California declared a power grid emergency Monday as a blistering and sustained heat wave threatens to push the state’s electricity system to its limit.
With millions of homes and businesses cranking air conditioners to cope with temperatures above 110 degrees Fahrenheit (43.3 Celsius), electricity use in the largest US state is forecast to hit 48.9 gigawatts Monday, the most since 2017. The state’s grid operator is forecasting an energy deficiency between 5 p.m. and 9 p.m. local time.
“California has been ridiculously hot and will be hot for a good part of the week,” Bob Oravec, a senior branch forecaster with the US Weather Prediction Center, said in an interview.
The prospect of blackouts underscores how grids have become vulnerable in the face of extreme weather as they transition from fossil fuels to renewable energy. California has aggressively closed natural-gas power plants in recent years, leaving the state increasingly dependent on solar farms that go dark late in the day as demand for electricity peaks. At the same time, the state is enduring a severe drought, sapping hydropower production.
Much of California is under an excessive heat warning for the next four days. Sacramento could reach 113 on Monday and 115 on Tuesday shattering records for those days, Oravec said. Downtown Los Angeles reached 103 on Sunday, which was the first time the temperature broke 100 this year.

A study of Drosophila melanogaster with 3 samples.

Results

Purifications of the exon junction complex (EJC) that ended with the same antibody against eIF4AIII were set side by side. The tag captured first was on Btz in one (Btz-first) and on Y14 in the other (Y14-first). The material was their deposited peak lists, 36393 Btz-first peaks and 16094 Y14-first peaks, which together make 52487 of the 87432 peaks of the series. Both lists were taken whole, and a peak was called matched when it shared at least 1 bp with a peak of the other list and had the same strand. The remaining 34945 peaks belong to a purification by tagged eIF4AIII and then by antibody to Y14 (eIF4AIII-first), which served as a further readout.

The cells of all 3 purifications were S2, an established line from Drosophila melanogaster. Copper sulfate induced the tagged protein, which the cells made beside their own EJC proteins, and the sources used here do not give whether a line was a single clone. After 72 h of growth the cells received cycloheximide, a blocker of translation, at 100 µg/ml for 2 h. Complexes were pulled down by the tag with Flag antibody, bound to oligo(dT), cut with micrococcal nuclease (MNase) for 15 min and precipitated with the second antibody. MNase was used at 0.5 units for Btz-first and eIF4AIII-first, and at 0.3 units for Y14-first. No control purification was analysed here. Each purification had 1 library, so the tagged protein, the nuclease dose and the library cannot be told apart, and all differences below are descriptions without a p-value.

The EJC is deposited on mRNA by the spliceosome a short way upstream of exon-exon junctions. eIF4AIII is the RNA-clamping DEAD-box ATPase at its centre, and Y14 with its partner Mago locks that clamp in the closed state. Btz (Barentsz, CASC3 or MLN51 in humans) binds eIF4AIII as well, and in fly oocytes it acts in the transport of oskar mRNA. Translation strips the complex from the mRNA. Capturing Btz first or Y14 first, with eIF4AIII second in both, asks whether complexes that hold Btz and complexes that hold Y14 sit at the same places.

The heat wave, which began the last week of August, is remarkable for both its ferocity and duration, officials said.
Each day the heat drags on, the risk of power failures rise. Searing temperatures seep into concrete over time, making it increasingly difficult to cool buildings. And the longer power plants run full tilt, the more likely they are to break down.
California Governor Gavin Newsom has issued an emergency proclamation to free up extra power supplies.
The fight to keep power flowing in California is complicated by wildfires near Los Angeles and San Diego that are threatening transmission lines and power plants, though there had been no major interruptions as of Sunday afternoon, according to Elliot Mainzer, chief executive officer of the California Independent System Operator, which runs the state’s grid.
A break from the heat will come across Southern California later this week, thanks to Tropical Storm Kay in the Pacific Ocean, Oravec said.
Kay, set to become a hurricane later this week, is forecast to edge up the coastline of Mexico’s Baja California peninsula. As it moves north, the storm will pump moisture and clouds into Southern California and Arizona, taking an edge off the heat.